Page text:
An authorization letter is often used for insurance, loan, medical, business and personal reasons. Simply put, an authorization letter is used in order for another person to have permission to perform some type of work or task on your behalf. It may be something as simple as giving a friend permission to enter your home while you are away, or to give a lawyer the okay to access resources.
Unless you are writing an informal authorization letter to a relative or friend, you need to understand how to write a more formal authorization letter for business purposes.
1. Address the recipient. Type the name and address of the recipient in the upper left-hand corner of the page, 4 to 6 spaces down from the top margin. Include their full address and even contact information, so that there is no confusion about who is designated to perform the task.
2. Introduction. In the first paragraph of your authorization letter, make it clear who you are assigning the permission or responsibility to. Clarify the exact permission you are granting and why the designated person has authority.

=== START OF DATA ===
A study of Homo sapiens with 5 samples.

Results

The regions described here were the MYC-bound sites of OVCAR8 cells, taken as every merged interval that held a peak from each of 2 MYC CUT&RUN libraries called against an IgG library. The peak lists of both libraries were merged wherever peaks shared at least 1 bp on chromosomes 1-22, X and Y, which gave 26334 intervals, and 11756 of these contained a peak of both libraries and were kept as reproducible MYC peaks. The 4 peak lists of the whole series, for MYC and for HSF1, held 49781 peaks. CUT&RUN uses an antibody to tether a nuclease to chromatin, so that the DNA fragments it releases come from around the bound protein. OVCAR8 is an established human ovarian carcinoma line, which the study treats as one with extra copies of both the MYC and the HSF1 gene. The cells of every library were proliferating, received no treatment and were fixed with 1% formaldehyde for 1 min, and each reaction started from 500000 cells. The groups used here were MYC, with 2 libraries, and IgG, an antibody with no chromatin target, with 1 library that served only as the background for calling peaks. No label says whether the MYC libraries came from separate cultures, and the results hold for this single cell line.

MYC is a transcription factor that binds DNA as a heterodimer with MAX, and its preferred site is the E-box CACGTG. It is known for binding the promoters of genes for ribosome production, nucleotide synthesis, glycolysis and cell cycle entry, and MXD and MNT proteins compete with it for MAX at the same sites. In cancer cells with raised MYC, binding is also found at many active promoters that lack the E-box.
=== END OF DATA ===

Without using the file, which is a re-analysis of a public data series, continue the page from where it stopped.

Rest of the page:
3. Main body. In the main body of your letter, mention briefly all responsibilities that are being granted to the recipient. Leave nothing to question; spell every detail out so that the recipient clearly understands what they are to do.
4. Close your letter. In the last paragraph, mention the current date and specify the exact time period for which the recipient is permitted to perform the work or activity.
Sign your full name after writing your authorization letter, and include any contact information you feel is necessary.
Authorization Letter Sample
City, State, Zip
Contact Information (email address, phone number)
In this paragraph, state your name, along with the name of the recipient to whom permission or responsibility is being given. Clarify exactly what the recipient has been granted permission to do, and why.
In the central portion of your authorization letter, define all responsibilities of the recipient so that no area remains unclear. Make certain that the recipient can clearly understand all that they are responsible for.
In the last paragraph of your authorization letter, define the time period for which the recipient will hold responsibility. This should have a clear starting date and ending date, whether it is for weeks, months or longer.
Always sign your name by hand above your typed signature, and then proofread your letter to check for spelling and grammar errors, and to make certain that all terms are correct. Make a few copies before sending your authorization letter to the recipient.